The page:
Encyclopedia Astronautica
2002.06.14 - STS-111 Mission Status Report #20


Endeavour's astronauts - Commander Ken Cockrell, Pilot Paul Lockhart, Franklin Chang-Díaz, Philippe Perrin, Dan Bursch, Yury Onufrienko and Carl Walz - were awakened just before 4:30 Central time this morning to the National Anthem, in honor of Flag Day today.

Endeavour astronaut Philippe Perrin completed the last major task of the STS-111 mission today when he successfully returned the Leonardo Multi-Purpose Logistics Module to the shuttle's payload bay at 3:11 p.m. Central.

Leonardo brought a total of 8,062 pounds of supplies and equipment to the space station, including a new science rack to house microgravity experiments and a glovebox that will allow station crews to conduct experiments that require isolation. More than 1,000 pounds of equipment was also brought to the station on Endeavour's middeck.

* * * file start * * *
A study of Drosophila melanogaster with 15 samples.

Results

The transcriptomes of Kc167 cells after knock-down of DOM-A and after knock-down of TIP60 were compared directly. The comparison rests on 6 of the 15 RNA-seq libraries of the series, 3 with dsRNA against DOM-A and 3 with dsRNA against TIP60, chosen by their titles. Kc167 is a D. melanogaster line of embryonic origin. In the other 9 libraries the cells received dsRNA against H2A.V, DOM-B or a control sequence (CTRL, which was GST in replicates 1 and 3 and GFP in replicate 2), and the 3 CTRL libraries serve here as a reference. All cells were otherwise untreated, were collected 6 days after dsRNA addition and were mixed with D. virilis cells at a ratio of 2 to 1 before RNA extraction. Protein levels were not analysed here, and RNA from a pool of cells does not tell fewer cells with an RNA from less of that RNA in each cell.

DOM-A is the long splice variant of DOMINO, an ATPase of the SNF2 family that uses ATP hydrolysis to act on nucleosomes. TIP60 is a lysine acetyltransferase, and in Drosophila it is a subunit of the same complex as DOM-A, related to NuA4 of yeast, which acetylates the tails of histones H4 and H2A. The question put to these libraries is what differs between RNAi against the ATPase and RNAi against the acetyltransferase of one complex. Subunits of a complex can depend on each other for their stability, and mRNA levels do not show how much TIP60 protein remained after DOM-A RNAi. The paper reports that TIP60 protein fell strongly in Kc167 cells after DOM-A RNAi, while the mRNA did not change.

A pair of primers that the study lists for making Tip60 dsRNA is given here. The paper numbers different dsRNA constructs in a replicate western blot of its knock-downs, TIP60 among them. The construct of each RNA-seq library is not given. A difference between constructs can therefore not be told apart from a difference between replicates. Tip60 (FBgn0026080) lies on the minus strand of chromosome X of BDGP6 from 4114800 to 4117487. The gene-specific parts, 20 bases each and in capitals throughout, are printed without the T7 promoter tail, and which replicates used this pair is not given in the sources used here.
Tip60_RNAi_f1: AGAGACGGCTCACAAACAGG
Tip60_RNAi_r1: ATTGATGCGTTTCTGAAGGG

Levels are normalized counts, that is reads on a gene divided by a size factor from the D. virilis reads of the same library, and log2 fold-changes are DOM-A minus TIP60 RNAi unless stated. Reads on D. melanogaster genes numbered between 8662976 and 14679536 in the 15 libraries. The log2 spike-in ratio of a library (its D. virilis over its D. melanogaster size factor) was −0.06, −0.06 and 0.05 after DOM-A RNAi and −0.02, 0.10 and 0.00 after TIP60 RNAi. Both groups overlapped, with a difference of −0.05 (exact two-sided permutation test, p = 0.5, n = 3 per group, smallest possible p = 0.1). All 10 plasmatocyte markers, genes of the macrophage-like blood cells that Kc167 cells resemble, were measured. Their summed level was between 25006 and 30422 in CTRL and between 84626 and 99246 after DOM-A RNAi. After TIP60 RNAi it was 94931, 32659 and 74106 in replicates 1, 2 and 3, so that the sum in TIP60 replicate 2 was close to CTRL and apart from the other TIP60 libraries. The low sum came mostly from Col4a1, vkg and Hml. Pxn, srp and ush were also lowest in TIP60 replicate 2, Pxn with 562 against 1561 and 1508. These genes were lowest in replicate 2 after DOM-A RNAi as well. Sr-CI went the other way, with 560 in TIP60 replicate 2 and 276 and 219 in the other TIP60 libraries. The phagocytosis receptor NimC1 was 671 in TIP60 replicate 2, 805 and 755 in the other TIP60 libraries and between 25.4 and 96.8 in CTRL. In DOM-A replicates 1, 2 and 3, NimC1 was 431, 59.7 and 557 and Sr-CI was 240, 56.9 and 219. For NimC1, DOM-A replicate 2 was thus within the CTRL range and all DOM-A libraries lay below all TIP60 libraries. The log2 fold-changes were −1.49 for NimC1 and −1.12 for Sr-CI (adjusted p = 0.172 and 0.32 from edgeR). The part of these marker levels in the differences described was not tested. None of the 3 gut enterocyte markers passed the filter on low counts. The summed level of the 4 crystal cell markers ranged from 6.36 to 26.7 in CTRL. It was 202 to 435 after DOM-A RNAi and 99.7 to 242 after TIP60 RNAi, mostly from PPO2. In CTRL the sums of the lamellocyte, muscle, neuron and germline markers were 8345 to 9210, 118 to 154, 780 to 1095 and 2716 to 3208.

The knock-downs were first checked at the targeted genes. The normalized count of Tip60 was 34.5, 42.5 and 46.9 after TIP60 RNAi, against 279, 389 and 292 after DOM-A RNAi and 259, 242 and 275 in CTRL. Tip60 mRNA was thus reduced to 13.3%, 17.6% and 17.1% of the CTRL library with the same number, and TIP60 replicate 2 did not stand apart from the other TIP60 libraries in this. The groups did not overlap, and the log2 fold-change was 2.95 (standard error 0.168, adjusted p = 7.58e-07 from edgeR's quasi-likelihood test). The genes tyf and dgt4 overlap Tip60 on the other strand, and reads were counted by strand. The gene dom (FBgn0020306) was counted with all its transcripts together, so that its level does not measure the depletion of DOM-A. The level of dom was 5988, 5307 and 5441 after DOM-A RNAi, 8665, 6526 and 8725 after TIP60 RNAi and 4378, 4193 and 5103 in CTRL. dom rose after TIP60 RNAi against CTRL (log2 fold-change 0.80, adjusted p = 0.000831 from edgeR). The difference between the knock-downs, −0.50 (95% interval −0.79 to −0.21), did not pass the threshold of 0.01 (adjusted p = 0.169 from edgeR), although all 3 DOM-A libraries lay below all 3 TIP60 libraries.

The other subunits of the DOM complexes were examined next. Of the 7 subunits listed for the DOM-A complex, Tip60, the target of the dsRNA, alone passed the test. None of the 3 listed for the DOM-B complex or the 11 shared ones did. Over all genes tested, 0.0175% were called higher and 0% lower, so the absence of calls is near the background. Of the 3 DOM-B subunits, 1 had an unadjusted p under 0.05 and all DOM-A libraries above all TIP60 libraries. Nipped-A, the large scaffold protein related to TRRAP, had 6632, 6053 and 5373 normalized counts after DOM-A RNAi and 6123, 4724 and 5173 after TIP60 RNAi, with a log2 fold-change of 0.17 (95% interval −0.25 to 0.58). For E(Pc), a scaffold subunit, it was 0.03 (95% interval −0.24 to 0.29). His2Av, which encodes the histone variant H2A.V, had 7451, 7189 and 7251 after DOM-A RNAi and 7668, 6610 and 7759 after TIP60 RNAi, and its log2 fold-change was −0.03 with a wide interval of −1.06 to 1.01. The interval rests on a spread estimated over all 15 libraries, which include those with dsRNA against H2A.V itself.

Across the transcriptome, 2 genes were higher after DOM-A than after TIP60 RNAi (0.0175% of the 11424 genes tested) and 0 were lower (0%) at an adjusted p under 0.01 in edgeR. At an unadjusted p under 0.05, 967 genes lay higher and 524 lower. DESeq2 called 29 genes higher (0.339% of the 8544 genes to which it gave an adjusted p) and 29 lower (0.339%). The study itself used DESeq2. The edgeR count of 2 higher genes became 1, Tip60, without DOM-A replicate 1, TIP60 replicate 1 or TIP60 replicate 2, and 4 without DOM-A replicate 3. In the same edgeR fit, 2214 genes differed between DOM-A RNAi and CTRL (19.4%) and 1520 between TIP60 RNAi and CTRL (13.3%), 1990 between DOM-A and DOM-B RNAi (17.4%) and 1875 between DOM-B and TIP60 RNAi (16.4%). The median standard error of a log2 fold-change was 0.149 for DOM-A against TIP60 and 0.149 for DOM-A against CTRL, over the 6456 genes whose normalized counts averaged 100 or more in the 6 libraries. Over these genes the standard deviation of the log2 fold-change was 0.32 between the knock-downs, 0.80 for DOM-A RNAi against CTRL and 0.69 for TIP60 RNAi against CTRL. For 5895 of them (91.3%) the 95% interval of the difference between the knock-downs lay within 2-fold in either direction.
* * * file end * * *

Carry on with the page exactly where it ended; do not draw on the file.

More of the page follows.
In addition to carrying home the results of several science experiments, Leonardo is returning to Earth with 4,667 pounds of equipment and supplies that are no longer needed aboard the station. More than 1,000 pounds of equipment also will be returned to Earth in Endeavour's middeck.

Endeavour's steering jets were used today to raise the station's altitude by an additional four miles, the third and final reboost of the mission. Together, the three reboosts raised the altitude of the station by approximately six miles.

Early Saturday morning, about 6:30 central time, following final goodbyes, the hatches between the two spacecraft will swing shut. About three hours later, the crew of Endeavour - Ken Cockrell, Paul Lockhart, Franklin Chang-Díaz, Perrin, Dan Bursch, Yury Onufrienko and Carl Walz - will depart the space station, leaving the Expedition Five crew - Commander Valery Korzun and Flight Engineers Peggy Whitson and Sergei Treschev - to begin their 4½ -month mission of continued station growth and scientific research.

All systems on both Endeavour and the International Space Station continue to function normally as the two craft orbit the Earth every 90 minutes at an altitude of 240 statute miles.